Courtesy of Stan Lim via UCR

As one journey ends, another begins. Graduation and commencement are underway and differ from last year’s fully remote commencement, as they are being held in a limited, in-person fashion. Reflecting upon their upcoming commencement and time at UCR, many cherished their experiences and were eager to move onto pursuing their aspirations. However, with the global pandemic and the transition into remote learning, many also expressed feelings of being robbed of their final year. 

Evan Kam, a graduating political science and law and society major, began his UCR journey in hopes of studying both law and animation. He described himself in the beginning as a “young and dumb 18-year-old who didn’t understand the college system.” But overtime, he not only learned to navigate the college system better, but also understood the cold, hard truth that adulthood is confusing. Kam expressed a greater notion to those feeling the rushed reality of adulthood that “It’s fine to still be studying by 28 since things are more crowded than before. Everyone moves at different paces.” Kam’s future plans include getting into law school while also enrolling into Fullerton College to pursue his true passion of animation and maintaining a career in law as a practical backup. 

Courtesy of Stan Lim via UCR

Graduating with a psychology major, Travis Perales came into the university with a lot to prove and a fresh start following high school. And by the end of it all, Perales expressed, “I believe I did what I set out to do,” as he graduated in three years with University Honors, summa cum laude honors and will be continuing his education by completing a doctoral program in clinical psychology in the upcoming fall quarter. He expressed his gratitude stating, “I’ve realized now that it was this university and its community that gave me all the opportunities to really help me become the student I wanted and knew I could be. Being at the end, it’s better now. I don’t regret my decision for UCR.”

Lama Yassine, a graduating biology and math major, settled upon UCR hoping to attain the experience of being at a large university. Describing the UCR campus as a “really heartwarming and accepting place to be,” she appreciated the down-to-earth attitude of students and cherishes the many opportunities that our university offered, including her tenure at ASUCR, as well as the memories and life-long friends she made overtime. Yassine’s postgraduate future involves her enrollment at Columbia University come fall for her masters degree in biomedical engineering.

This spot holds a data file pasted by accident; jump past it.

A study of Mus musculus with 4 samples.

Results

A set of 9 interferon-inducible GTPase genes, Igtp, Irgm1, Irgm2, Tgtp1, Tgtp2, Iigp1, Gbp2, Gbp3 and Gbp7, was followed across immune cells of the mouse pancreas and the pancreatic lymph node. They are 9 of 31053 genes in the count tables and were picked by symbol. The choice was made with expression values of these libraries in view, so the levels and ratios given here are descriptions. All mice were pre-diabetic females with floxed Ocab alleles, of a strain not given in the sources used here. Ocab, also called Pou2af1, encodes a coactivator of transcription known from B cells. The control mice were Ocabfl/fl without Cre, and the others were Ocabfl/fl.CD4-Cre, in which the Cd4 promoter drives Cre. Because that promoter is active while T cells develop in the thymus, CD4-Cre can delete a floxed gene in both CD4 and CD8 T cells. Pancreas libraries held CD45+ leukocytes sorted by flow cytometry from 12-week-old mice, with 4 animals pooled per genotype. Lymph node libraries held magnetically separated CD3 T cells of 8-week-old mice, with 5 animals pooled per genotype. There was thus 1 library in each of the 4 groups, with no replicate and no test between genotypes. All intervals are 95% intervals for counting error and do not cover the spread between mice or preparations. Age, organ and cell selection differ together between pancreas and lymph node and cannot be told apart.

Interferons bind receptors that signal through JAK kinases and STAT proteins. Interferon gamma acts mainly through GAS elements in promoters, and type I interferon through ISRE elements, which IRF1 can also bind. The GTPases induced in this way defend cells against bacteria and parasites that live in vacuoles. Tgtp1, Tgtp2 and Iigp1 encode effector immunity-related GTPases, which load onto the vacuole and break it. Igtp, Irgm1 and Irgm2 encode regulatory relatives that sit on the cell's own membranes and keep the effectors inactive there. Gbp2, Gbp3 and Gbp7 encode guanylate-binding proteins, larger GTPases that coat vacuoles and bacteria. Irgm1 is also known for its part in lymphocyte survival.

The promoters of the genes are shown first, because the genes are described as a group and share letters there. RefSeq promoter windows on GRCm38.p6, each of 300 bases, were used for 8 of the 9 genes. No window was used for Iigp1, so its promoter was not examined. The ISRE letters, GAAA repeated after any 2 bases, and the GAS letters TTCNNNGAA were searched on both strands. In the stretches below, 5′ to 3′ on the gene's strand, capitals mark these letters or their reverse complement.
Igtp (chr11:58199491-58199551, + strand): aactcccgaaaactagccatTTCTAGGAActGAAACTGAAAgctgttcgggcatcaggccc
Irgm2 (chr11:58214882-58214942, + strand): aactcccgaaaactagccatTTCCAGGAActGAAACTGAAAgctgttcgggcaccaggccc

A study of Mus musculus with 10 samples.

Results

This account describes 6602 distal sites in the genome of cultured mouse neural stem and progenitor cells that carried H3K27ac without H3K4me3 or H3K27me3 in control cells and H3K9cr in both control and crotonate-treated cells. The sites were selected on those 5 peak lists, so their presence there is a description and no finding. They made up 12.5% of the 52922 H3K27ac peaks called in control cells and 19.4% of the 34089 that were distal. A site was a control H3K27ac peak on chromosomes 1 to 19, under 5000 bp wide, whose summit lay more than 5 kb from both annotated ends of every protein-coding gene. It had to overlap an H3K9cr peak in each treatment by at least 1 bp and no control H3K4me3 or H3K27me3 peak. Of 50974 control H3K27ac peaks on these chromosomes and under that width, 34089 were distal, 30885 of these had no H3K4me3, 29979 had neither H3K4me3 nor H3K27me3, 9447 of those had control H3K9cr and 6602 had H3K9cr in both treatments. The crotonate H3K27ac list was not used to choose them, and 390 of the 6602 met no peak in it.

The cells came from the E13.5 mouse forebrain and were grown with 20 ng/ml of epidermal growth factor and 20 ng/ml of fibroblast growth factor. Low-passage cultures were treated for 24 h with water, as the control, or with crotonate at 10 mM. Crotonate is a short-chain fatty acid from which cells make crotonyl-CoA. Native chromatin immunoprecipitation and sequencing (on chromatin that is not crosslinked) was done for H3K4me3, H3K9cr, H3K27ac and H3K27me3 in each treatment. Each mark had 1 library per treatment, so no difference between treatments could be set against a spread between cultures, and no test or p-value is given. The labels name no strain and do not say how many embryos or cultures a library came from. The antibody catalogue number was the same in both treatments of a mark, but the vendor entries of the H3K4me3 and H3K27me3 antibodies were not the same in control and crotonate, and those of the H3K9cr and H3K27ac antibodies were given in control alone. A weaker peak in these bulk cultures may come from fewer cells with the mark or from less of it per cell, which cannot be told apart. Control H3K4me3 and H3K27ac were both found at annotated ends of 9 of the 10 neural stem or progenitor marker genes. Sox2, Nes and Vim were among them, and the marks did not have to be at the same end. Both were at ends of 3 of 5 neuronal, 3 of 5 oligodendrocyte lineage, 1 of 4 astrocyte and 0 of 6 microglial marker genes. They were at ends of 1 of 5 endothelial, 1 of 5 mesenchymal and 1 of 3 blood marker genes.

Natalie Haghani, a graduating biology major, decided to attend UCR due to the university’s strong biological sciences program and the recently established UCR School of Medicine. Adjusting to college life was difficult at first, though in little time, she blossomed through her experiences, meeting lifelong friends, and inspiring faculty and professors. 

Ryan Poon / The Highlander

Graduating with a math-economics major, Christopher Milonakos had grown up in Riverside, making UCR an easy pick. Being a transfer student, Chris only attended UCR for two years, but he loved every minute of the experience, even the universal struggle of finding parking. Chris has already obtained an actuarial internship at a retirement services company and will begin working after graduation. 

Miguel Oh, a fourth-year mathematics major, made his decision to attend UCR citing the school’s stellar education program as his primary reason. In his interview with The Highlander, he stated, “I think it’s safe to say that I don’t regret my choice at all after seeing where I’m at right now!” Oh hopes to become a math teacher in the future, either at a middle school or high school level, and after graduating, he will pursue a masters degree in education with a credential in mathematics.

“My experience attending UCR was nothing short of the best,” stated Mark Hanin, a graduating biology major. After graduating, Hanin looks forward to interning at the California Air Resources Board over the summer. Following this, he strives to earn a masters degree in public health before specializing in health law and policy. He aspires to become a medical malpractice lawyer and a public health reform advocate with the hopes of addressing existing inequities within today’s healthcare system.

Online classes affected many student’s ability to learn and retain information, though many pros and cons were noted. Both Kam and Perales expressed similar concerns in their interviews and expressed that certain classes would have been much better handled in-person as opposed to online. Milonakos stated that the transition has been mostly a detriment citing the lack of interaction in classes.  

However, some courses, primarily students’ breadth courses, seem to have benefited from the transition. Furthermore, in her interview, Yassine made the point that, “Our virtual world has made it plenty easier to be involved on campus,” citing the ability to attend zoom meetings and view pre recorded lectures. And Haghani expressed her enjoyment of being able to complete her asynchronous classes at any given time.

Courtesy of UCRNEWS

However, with the transition into online learning, Perales expressed a concern shared by many, saying, “After everything I accomplished, this ending is very anticlimactic.” He reflected on how the pandemic prevented many from pursuing many opportunities and events that they looked forward to. 

Though these graduating seniors are off to pursue different endeavours post-grad, through their interviews, they expressed their gratitude for completing their education at UCR and will always look back fondly at their time.